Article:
Canada’s Banks are attracting renewed interest from short-sellers. The Big Five make up the five most shorted stocks on the TSX, as U.S. hedge funds bet on a housing meltdown and sharp uptick in mortgage defaults. Toronto-Dominion Bank (TSX:TD)(NYSE:TD) is ranked as the third most shorted.
Canadian banks are attracting negative attention
Market pundits appeared convinced that Canada’s cooling housing market will enter a sharp correction, which will not only choke off the key growth driver for domestic banks but cause a sharp decline in the quality of their assets. Short-sellers anticipate that this will cause their market value to decline substantially. While there may be some merits to their argument, they have been shorting Canadian banks since the end of the global financial crisis roughly a decade ago and it has been a costly trade for them over that period.
There are signs that Canada’s banks are some of the healthiest globally. Not only did they pull through the last financial crisis in solid shape, but significantly tighter prudential regulation, stricter underwriting standards, compulsory insurance for mortgages with high loan-to-value ratios, and a lack of mortgage derivatives mean that a U.S.-style housing meltdown is improbable.
Positioned for growth
Toronto-Dominion is uniquely positioned to keep growing at a rapid clip, despite the lack of growth opportunities in Canada’s mature and highly saturated financial services market. This is because, early on, management realized that to guarantee future growth, it needed to expand beyond Canada’s domestic market.
The bank did this by investing heavily in expanding its U.S. presence, which now sees it ranked as a top 10 U.S. bank in what is arguably the world’s largest financial services market. That endows Toronto-Dominion with considerable growth potential, especially with the U.S. economy, having performed strongly since 2016.
By the end of the fiscal first quarter 2019, its U.S. retail banking business was responsible for earning over 40% of Toronto-Dominion’s adjusted net income. For that quarter net interest income from its U.S. business shot up by 15% year over year to $2.2 billion on the back of strong loan growth. Personal loans expanded by 8% year over year, while Toronto-Dominion’s U.S. business credit portfolio grew by 9% in value.
This combined with a higher net interest margin was responsible for giving earnings a solid lift with U.S. retail banking’s adjusted net income rising by 16% year over year. That solid growth should continue for the foreseeable future, despite fears of a U.S. recession. The likelihood of an economic slump, despite the yield curve recently inverting, is low, especially after the Fed adopted a softer stance on monetary policy, signalling earlier this year that there would be no further interest rate hikes during 2019.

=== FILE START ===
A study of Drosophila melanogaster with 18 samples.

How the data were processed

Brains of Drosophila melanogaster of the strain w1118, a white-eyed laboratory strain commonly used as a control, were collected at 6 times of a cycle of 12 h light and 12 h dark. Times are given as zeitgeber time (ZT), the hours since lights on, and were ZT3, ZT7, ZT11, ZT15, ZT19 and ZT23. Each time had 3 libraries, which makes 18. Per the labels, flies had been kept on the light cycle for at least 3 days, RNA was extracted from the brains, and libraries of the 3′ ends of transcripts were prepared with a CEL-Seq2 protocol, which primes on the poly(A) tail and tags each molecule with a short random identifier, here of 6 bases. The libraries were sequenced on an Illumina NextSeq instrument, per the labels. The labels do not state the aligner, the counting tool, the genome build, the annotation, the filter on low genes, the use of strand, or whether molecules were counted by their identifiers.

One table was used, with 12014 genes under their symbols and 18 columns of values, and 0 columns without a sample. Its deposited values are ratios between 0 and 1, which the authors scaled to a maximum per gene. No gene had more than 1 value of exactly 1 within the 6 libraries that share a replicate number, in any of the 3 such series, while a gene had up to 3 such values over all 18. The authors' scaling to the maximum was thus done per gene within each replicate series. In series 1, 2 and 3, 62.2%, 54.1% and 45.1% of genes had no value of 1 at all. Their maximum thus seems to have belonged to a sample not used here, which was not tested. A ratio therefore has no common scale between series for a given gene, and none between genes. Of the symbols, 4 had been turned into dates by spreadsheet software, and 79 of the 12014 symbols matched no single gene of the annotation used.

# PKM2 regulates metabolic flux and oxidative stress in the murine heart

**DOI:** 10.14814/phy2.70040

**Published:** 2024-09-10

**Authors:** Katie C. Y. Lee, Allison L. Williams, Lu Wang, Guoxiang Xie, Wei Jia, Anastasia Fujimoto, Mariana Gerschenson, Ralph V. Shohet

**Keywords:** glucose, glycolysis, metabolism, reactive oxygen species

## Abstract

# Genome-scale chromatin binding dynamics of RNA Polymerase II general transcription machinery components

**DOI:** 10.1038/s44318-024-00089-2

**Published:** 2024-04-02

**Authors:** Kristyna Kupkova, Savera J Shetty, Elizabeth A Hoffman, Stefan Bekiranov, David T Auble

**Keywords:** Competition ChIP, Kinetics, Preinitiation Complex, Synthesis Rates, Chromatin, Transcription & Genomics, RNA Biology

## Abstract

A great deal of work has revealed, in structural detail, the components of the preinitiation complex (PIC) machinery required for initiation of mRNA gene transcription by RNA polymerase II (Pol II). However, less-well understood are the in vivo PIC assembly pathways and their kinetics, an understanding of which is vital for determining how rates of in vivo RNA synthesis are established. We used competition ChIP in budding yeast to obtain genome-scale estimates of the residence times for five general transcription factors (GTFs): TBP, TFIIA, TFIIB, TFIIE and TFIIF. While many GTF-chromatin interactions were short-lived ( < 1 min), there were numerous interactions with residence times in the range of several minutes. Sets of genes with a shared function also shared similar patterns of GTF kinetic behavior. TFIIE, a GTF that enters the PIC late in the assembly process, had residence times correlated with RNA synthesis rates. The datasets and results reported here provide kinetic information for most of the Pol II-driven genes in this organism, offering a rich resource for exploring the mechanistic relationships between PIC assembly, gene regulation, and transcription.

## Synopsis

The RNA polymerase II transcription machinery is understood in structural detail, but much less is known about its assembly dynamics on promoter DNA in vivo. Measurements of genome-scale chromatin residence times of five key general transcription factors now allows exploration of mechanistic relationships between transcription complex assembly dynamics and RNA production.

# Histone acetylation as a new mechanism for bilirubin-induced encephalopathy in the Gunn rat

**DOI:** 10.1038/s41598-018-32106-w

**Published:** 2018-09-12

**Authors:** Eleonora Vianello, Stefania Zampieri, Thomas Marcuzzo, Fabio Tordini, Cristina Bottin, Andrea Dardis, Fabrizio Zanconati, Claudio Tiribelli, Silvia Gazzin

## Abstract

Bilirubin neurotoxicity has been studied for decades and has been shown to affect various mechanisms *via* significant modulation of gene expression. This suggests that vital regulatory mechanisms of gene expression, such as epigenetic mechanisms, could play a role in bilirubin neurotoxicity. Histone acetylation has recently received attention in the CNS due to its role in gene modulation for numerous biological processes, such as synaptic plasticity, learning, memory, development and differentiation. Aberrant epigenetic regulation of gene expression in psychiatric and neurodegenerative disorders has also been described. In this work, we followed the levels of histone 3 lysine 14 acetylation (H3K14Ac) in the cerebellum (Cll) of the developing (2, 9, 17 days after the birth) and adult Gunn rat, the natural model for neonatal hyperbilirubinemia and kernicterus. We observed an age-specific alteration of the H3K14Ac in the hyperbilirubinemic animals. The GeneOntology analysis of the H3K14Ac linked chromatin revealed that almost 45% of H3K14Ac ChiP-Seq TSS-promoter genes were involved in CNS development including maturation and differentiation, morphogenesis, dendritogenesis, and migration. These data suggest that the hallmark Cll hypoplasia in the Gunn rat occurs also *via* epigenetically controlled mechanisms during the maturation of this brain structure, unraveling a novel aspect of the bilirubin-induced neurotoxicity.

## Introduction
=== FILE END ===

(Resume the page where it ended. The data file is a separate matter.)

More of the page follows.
Toronto-Dominion’s wholesale banking business experienced a difficult quarter because of challenging market conditions, which caused revenue to plunge by 35% year over year. It is expecting a better performance from wholesale banking over the remainder of 2019 because of an improving economic outlook.
Quality lending portfolio
While the bank’s gross impaired loans ratio expanded by six basis points (bps) year over year to 0.26%, that can be attributed to higher defaults in Toronto-Dominion’s U.S. commercial credit portfolio rather than an overall decline in the quality of residential mortgages. In fact, the gross impaired loan ratio for its Canadian retail banking business fell by two bps quarter over quarter and was only one bps higher compared to a year earlier. This indicates that credit quality remains high and defaults are well within manageable levels.
The quality of Toronto-Dominion’s Canadian residential mortgage portfolio remains high. The proportion of that portfolio which is uninsured has an average loan-to-value ratio of 53%, providing plenty of room to move should economic difficulties impact households while 31% of all Canadian residential mortgages underwritten are insured.
Why buy Toronto-Dominion?
Toronto-Dominion has the best short-term growth prospects of Canada’s major banks. The ongoing success of its U.S. operations in a fickle market in which to operate will act as a powerful growth engine. That attractiveness is enhanced by the high quality of its credit portfolio and the fact that the bank is well capitalized.
For these reasons, the short-sellers have got it wrong in the case of Toronto-Dominion. While investors wait for the strength of Toronto-Dominion’s operations to translate into a higher market value, they will be rewarded by its regular and sustainable dividend yielding 4%.